There aren't universal laws of war when it comes to video games. Players can disregard the rules of the Geneva Convention without encountering any consequences. The International Committee of the Red Cross wants to change that.
ICRC spokesman Bernard Barrett says that for the past two years, a special unit of the Red Cross has been working with video game producers to help them simulate real-world sanctions for virtual war crimes.
As its website explains, "The ICRC is concerned that certain game scenarios could lead to a trivialization of serious violations of the law of armed conflict."
"We're not going to get into the fine technicalities of the Geneva Conventions," Bennett tells Weekend Edition host Scott Simon, but the organization is focusing on things like deliberately killing civilians, shooting at ambulances and torture.
Some games already do exact a price for such violations, he says: "In one game for example, at a company that we've worked with, if you start shooting indiscriminately at civilians, someone from your own side may start shooting at you."
On how the ICRC works with video game producers
We've approached them, and in some cases they've approached us, asking for advice. In one case we said, "Hey, would you like to incorporate this in your game?" They thought it was a wonderful idea, so we sat down with them and explained some of the basic concerns and maybe some ways that they might want to approach it.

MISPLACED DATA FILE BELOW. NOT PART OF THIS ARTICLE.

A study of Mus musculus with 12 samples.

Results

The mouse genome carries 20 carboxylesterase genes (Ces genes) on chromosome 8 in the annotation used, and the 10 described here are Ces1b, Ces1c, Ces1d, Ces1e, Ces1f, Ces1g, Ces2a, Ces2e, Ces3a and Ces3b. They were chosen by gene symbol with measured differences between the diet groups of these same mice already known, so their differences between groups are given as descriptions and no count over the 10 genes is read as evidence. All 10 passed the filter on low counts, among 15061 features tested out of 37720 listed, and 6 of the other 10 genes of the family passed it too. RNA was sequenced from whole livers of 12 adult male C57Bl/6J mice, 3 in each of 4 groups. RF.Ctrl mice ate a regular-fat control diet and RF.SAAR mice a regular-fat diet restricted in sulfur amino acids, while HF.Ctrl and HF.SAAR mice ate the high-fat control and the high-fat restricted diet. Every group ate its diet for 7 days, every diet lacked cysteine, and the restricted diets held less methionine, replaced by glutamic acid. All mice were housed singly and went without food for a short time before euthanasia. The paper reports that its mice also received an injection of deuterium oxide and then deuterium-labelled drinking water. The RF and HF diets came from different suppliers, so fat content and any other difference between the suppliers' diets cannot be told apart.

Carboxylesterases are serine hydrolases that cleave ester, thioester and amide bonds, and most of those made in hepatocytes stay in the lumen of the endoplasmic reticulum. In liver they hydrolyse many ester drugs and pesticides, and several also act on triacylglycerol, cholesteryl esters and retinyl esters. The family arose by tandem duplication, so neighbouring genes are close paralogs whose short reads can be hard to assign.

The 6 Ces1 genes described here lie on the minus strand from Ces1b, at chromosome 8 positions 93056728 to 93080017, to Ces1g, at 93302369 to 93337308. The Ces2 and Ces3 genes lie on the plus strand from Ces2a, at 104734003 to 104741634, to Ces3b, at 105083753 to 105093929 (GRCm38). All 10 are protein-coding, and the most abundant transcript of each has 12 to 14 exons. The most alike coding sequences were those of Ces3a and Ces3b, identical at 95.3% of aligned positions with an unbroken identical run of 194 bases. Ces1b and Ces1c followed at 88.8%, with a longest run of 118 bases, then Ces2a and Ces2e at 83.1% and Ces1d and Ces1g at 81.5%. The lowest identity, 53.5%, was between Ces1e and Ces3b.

On whether flouting the rules of war in games is just an accurate reflection of life
It may reflect what happens in life. At the same time, because they are flouted, we can't throw up our hands and say it's useless, anything is allowable under war. We have to keep insisting on that, and we have to keep pushing the notion that there are laws, even in war, and that they must be respected.
On whether the ICRC should be more concerned with real war
This is not a huge effort or expenditure on our part ... We've got a unit that specializes in working with the military, with armed forces, with armed rebel groups, talking about the laws of war and trying to encourage respect. And so this is a few of the people in that unit who took an interest in video games ...
We know a lot of military off-duty play video games, and a lot of young men and women who are likely to be recruited play video games. And it's also a chance to sensitize the general public, so they can tell their leaders, whether they be military or political, that's not acceptable or that is acceptable.